Negotiating contracts is one of the most challenging parts of owning and operating a business. In the end, you want a result that is fair and ensures the mutual success of both parties.
Contract law requires that no contract term, nor a contract as a whole, be “unconscionable.” If a court finds that a contract is unconscionable, it will rule that the contract is not enforceable. But what exactly does this term mean?
Unfairness and lack of bargaining power
It is not always easy to tell if a contract term is unconscionable. An unconscionable term or contract is generally defined as one that is so oppressive or unfair to one party that it leaves them no meaningful choice.
Unconscionability can be found in the contract terms themselves, or if one party has unfair bargaining power over the other.
Examples of unconscionability
Common examples of unconscionable contract terms include those that give one party the right to change terms to whatever they want at any time, limit a party’s right to sue or set unreasonably high monetary penalties in the event of a breach.
For example, in a contract involving purchasing items from a supplier, a term stating that the supplier can change the price at any time without your permission might be considered unconscionable.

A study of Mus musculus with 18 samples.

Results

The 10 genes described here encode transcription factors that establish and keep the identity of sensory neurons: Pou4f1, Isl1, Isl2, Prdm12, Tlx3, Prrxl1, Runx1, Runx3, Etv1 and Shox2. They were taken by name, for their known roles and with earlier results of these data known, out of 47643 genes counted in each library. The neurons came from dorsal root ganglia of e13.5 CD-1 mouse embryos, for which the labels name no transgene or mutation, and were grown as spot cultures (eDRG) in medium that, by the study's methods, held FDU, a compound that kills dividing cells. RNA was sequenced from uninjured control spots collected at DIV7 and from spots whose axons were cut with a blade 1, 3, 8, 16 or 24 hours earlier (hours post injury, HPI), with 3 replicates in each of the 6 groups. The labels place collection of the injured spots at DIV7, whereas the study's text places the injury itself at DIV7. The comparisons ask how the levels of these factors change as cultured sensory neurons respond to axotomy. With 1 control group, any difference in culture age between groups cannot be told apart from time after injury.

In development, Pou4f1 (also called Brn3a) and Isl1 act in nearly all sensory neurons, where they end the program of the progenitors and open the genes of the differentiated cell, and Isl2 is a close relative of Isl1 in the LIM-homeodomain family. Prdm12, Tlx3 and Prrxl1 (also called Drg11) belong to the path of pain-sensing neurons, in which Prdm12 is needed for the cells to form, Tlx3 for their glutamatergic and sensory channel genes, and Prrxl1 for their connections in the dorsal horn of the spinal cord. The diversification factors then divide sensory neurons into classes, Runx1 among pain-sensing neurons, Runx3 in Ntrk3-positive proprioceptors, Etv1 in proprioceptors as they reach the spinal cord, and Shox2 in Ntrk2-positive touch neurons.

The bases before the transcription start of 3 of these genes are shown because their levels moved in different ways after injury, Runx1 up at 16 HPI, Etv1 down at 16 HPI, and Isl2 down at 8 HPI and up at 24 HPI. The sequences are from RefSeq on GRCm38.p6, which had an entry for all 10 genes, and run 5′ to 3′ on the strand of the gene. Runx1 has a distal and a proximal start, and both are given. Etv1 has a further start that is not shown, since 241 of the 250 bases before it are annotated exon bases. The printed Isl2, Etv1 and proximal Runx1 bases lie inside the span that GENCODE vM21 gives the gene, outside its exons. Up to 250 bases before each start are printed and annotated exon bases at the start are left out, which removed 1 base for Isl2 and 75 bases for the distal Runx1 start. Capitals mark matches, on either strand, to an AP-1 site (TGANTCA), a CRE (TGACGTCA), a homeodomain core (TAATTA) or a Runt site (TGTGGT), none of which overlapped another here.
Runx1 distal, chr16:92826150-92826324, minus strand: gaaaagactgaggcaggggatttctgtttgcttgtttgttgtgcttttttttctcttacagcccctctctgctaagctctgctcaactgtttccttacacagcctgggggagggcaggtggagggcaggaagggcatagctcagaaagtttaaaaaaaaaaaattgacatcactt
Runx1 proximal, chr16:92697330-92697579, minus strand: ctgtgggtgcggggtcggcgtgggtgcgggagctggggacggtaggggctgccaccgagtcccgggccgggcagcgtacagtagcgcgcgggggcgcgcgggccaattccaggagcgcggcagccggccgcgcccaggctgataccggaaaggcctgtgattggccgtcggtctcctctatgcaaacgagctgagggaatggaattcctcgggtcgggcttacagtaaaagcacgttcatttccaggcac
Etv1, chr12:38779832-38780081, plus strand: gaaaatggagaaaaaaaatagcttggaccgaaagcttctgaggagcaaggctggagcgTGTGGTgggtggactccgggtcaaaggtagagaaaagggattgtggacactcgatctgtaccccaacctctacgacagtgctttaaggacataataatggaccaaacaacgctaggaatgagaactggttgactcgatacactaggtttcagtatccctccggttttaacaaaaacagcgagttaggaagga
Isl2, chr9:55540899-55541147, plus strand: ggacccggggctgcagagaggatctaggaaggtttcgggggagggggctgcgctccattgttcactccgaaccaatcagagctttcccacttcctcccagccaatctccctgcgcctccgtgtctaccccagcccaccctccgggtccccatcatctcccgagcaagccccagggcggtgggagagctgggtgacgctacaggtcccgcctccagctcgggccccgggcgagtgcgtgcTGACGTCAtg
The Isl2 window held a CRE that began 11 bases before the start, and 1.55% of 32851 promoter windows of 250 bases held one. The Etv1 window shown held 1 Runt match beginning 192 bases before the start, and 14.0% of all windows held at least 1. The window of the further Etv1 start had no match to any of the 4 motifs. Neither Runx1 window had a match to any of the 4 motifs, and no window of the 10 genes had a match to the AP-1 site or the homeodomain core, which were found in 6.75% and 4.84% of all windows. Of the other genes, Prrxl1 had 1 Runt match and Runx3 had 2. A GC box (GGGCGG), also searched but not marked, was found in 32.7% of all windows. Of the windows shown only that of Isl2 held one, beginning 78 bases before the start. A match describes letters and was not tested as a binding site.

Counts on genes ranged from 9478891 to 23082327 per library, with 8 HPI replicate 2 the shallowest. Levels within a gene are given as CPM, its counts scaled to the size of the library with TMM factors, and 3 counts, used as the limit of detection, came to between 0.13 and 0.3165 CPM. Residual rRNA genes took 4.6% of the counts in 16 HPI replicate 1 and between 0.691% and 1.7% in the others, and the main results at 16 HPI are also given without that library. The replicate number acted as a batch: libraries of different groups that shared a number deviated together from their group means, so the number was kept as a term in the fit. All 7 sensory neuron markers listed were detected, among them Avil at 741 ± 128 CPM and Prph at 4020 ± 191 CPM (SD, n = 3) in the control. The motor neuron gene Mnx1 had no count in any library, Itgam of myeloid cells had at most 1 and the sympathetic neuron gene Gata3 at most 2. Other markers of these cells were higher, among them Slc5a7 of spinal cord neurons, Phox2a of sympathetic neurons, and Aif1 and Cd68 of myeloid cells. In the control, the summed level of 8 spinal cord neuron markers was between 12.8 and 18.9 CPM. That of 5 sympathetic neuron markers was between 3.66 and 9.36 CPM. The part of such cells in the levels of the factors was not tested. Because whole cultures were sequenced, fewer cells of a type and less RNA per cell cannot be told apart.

One of the best ways to determine unconscionability is if any part of the contract leaves you feeling like you have no power. In the above example, that type of term would allow the supplier to triple their price the day after you sign the contract.
Per the contract term, you would have no choice but to accept the price increase, even if it meant the cost may put you out of business.
Remedies for unconscionability
Kentucky law allows you to file a legal claim if you feel a contract or its terms are unconscionable. While the court can choose to void the entire contract, it can also strike the unconscionable terms and keep the remainder of the contract in place.
If you have questions or concerns about your contracts, seeking legal advice is a good idea.